ALFRED HILL – String Quartets Vol.2

ALFRED HILL – String Quartets Vol.2
Quartet No. 4 in C Minor / No.6* in G Major “The Kids” / No.8 in A Major
Dominion Quartet (Yury Gezentsvey, Rosemary Harris, violins / Donald Maurice, viola / David Chickering, ‘cello) *in Quartet No.6 the second violinist is David Pucher

Naxos 8.57209

Put on Track 10 of this new Naxos CD for an irresistibly foot-tapping introduction to the three quartets by Alfred Hill you’ll find here, in characterful readings by the Dominion String Quartet. Hill was Australasia’s first “recognized” composer – though born in Melbourne, his formative years were spent in New Zealand, after which he studied in Leipzig, becoming steeped in the music of Brahms, Dvorak and Tchaikovsky.

The first volume of Hill’s Quartets on Naxos (8.570491) show these European and nationalistic influences, whereas the works on this new CD find him gradually evolving a more austere and distinctive style. Like composers of an earlier era Hill thought nothing of “borrowing” his own music for different works; and so part of the first quartet on this CD, No.4 in C Minor, was reworked as a Symphony in C Minor, entitled “The Pursuit of Happiness”. It’s all beautifully written for the quartet medium – a lovely “sighing” opening, leading into an invigorating allegro, then followed by three equally distinctive movements, the highlight of which is probably the slow movement, with its Elgarian overtones. Quartet No.6 in G Major is engagingly subtitled “The Kids” – the slight gaucherie of the title belies the work’s structural strengths and attractive lyricism (the music is dedicated to Hill’s students at the New South Wales Conservatorium, where the composer was Professor of Composition). Particularly memorable are the Beethoven-like rhythmic patternings of the scherzo’s introduction and (again) a slow movement whose lyrical intensities highlight the child-like naivety of the music’s return to its source of inspiration in the finale.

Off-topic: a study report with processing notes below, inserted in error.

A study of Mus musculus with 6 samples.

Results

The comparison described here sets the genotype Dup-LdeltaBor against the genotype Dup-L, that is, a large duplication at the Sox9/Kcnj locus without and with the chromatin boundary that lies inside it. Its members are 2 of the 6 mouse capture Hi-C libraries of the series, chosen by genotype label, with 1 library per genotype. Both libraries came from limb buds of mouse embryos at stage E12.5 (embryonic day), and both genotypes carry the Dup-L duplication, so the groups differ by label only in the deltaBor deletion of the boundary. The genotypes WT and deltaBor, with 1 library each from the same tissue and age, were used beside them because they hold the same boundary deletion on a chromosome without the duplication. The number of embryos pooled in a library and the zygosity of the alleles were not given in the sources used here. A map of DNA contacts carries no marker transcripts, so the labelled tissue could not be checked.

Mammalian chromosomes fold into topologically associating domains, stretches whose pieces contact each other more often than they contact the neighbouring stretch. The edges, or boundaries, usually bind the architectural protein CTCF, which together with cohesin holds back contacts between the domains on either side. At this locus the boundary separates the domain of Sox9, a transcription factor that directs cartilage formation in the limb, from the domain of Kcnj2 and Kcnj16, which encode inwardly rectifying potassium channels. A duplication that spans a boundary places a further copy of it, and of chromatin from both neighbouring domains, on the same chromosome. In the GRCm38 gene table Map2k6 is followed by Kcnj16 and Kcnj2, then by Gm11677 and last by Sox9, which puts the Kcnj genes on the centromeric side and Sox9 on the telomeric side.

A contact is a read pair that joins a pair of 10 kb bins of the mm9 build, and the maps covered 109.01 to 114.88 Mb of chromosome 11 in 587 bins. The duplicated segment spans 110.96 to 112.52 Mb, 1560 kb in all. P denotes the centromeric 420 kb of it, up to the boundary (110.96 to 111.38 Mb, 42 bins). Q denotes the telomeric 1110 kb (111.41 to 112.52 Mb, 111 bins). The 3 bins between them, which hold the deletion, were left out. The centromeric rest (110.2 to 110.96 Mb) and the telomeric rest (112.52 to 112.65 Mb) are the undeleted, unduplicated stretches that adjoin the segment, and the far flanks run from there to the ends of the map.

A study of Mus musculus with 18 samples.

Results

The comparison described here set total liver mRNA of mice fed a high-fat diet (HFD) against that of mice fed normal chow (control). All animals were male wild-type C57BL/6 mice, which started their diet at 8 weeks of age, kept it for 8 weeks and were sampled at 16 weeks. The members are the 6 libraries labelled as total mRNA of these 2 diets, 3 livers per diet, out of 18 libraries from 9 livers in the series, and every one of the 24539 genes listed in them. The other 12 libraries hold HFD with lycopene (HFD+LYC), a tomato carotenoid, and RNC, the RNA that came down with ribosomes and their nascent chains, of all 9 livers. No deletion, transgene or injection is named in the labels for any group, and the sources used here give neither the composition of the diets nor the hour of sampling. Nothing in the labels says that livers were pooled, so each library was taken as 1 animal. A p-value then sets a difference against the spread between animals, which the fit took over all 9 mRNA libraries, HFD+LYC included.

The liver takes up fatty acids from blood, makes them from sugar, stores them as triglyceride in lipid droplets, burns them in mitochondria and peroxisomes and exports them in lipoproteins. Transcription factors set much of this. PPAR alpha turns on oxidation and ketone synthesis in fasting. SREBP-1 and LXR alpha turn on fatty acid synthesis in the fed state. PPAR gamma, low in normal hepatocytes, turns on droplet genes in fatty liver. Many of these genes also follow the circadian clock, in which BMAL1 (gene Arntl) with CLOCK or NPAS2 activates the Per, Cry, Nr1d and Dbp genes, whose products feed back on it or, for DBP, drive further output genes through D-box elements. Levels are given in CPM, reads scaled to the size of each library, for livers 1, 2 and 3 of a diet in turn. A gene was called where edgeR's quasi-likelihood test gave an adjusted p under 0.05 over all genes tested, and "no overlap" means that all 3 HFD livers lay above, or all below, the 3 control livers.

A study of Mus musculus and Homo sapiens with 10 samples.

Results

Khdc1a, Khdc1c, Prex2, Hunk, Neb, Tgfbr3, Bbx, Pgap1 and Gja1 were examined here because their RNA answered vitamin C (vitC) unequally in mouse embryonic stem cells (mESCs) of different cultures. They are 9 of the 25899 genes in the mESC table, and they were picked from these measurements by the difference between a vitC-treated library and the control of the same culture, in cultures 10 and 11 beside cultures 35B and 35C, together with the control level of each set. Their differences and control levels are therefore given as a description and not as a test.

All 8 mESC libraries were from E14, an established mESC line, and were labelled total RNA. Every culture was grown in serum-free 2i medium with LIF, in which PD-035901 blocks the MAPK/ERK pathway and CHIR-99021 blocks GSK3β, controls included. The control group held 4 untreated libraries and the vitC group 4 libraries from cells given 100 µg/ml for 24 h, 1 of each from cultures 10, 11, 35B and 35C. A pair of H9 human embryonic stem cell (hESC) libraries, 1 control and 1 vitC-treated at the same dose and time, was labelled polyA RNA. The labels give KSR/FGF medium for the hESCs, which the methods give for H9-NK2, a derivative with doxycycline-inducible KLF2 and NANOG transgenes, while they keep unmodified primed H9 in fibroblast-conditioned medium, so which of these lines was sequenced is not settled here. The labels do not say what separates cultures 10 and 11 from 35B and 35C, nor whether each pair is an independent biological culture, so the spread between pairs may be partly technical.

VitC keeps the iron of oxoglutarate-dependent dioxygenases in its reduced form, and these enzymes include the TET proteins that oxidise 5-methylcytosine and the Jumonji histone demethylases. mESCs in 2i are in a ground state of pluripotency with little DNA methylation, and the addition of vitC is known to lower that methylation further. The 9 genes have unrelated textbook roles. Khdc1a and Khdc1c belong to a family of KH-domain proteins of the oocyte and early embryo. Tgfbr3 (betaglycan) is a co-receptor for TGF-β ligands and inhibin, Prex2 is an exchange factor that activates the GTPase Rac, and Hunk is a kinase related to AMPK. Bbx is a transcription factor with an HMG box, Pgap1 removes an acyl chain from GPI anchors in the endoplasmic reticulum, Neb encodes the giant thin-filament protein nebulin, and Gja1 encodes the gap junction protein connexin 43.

String Quartet No.8 in A Major shows Hill’s most adventurous compositional undertakings to date, the opening movement redolent of Debussy’s more “impressionist” colourings, but at the same time energizing the music’s structures with folk-like exuberances. After the thoroughly engaging scherzo (referred to at the beginning) comes a slow movement whose whole-tone hamonies and chromatic accompaniments are of breath-catching quality.

The finale recycles the work’s opening, before removing the listener’s sensibilities from such stringencies, introducing an extended melody across different time- signatures and even working a fugue into the development, before drawing all the strands together nicely in a properly festive finish. Throughout, the Dominion Quartet plays like a group with a mission, and they deliver the goods triumphantly, aided by a mellifluous and truthful-sounding recording.